25 June 2007

monday monday

Well in an up and down day the arrival of this was probably a highlight. It's just a magnificent little piece of work, extremely detailed for a 1/43 scale model.

I bet that like many other blokes of my vintage, I wish I hadn't given away my toy cars from boyhood. I can remember most of them: a Rolls-Royce Silver Wraith, a Bentley S2 drophead coupe, a Fiat 2300, a Jag Mk2, a Chevy Bel-Air, a Morris Mini that I implored my uncle to buy to put on his desk (as he was at that time a purveyor of Minis). He acquiesced to the purchase (one shilling from me, six and sixpence from him) but I couldn't budge him from the view that I wanted it for myself. As he was older and a far better arguer than a 10-year-old, I lost the argument and got the model.

In today's Crikey, front-line IP lawyer and blogger Kim Weatherall had this piece:

4. Warning to Aussie software pirates: Be afraid, be very afraid
By Kimberlee Weatherall, intellectual property expert, blogger and Senior Lecturer at the University of Queensland

In February, an Australian resident, Hew Griffiths, was extradited to face a US criminal court on charges of conspiracy to commit criminal copyright infringements, and criminal copyright infringement. He pleaded guilty, and last Friday he was sentenced to more than four years in prison. Because he has already spent three years in an Australian jail, he will have to serve 15 months in the US.
Griffiths was extradited and has been convicted for his involvement in ‘warez trading’: he was a leader of the DrinkOrDie software piracy group, who deliberately and consciously set up an international computer network which operated, in an
organised way, to crack technical protections on software and distribute the
uncracked version.

It’s important to get a few misconceptions out of the way. Griffiths is not copyright’s version of David Hicks. Hicks was held without charge for years in the US; Griffiths was held only after a US grand jury indicted him. Hicks was charged under laws which applied criminal penalties retrospectively to acts done before the law was passed. Griffiths was convicted for acts which were crimes under Australian law at the time he did them.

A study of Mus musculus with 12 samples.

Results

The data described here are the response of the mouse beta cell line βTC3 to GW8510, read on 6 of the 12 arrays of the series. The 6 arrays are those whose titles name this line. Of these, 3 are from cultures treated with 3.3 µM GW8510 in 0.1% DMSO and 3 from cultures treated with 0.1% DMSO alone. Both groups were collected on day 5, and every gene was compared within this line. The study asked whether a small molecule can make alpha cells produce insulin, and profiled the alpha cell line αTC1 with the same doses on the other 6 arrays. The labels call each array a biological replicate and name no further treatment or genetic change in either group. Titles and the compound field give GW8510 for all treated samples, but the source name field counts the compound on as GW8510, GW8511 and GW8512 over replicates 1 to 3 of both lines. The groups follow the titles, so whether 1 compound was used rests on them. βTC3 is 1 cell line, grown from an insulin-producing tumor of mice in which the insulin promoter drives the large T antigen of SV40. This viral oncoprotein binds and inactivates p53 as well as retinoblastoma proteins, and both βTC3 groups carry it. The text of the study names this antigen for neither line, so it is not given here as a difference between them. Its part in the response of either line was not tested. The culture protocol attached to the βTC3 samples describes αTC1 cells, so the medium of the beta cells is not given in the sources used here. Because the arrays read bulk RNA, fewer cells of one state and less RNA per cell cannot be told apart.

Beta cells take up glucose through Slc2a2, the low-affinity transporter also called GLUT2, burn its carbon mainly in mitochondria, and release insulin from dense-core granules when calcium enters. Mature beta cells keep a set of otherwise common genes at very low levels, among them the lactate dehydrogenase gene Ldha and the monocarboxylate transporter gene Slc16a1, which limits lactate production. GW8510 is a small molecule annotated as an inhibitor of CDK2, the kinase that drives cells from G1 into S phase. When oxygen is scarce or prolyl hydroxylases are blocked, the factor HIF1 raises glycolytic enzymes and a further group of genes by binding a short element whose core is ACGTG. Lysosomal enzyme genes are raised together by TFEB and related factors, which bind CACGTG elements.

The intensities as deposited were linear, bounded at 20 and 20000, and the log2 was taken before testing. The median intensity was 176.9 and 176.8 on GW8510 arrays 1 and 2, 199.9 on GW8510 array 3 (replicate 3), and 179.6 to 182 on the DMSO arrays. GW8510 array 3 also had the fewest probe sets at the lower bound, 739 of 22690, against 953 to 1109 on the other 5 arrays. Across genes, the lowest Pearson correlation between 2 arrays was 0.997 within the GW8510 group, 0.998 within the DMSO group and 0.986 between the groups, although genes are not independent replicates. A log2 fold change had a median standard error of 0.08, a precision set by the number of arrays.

It is unlikely Hicks was thinking about possible conviction by a US court when he acted in Afghanistan; Griffiths flouted Australian and US copyright law, and boasted he would not be caught. If the US were going to choose a case for a copyright-based extradition, they certainly chose someone who is not a particularly sympathetic character.

But we should be shocked, and worried, by what has happened to Griffiths. Why? Because before he was extradited, Griffiths had never set foot in the United States. It is a worry that we have, without any apparent demur on the part of Australian authorities, the exercise of US jurisdiction. It means that Australian authorities will, it seems, happily allow US law to be applied to acts done in Australia. Why?

There is no reason why Griffiths could not have been charged, and tried, in an Australian court. There were many other co-conspirators, but none have been extradited to the US. Several were charged, and convicted, under UK law by UK courts. Why is Griffiths being treated differently? Because Griffiths was the
leader? All the more reason to try him here.

The Australian Government might respond that in the case of ‘transnational’ crimes, drastic action like extradition is necessary. But this is copyright, not international
terrorism or child p-rn-graphy we are talking about. It is an economic crime.
Extradition does not seem appropriate or proportionate. We should be worried that such extraditions might become more common. If they do, Australians will have to consider, in their online activities, extradition to the US as a possible risk. So much for Australian sovereignty.

Indeed. And even more so if the US is successful in getting this bloke back under US military sovereignty. Then we'll really know that we're the 52nd - or whatever it is - state.

BTW, I keep forgetting to give readers an update on the various extra-curricular endeavours we've started at Chateau VVB. First, the personal journey: the consultants have now confirmed what I told them when I started. But to be fair, we've been through a fair bit of introspection and analysis to get to this point and have learnt a few useful things for the future. (Geez I love being Delphic).

Second, we haven't scooped up any poo and put it in the post.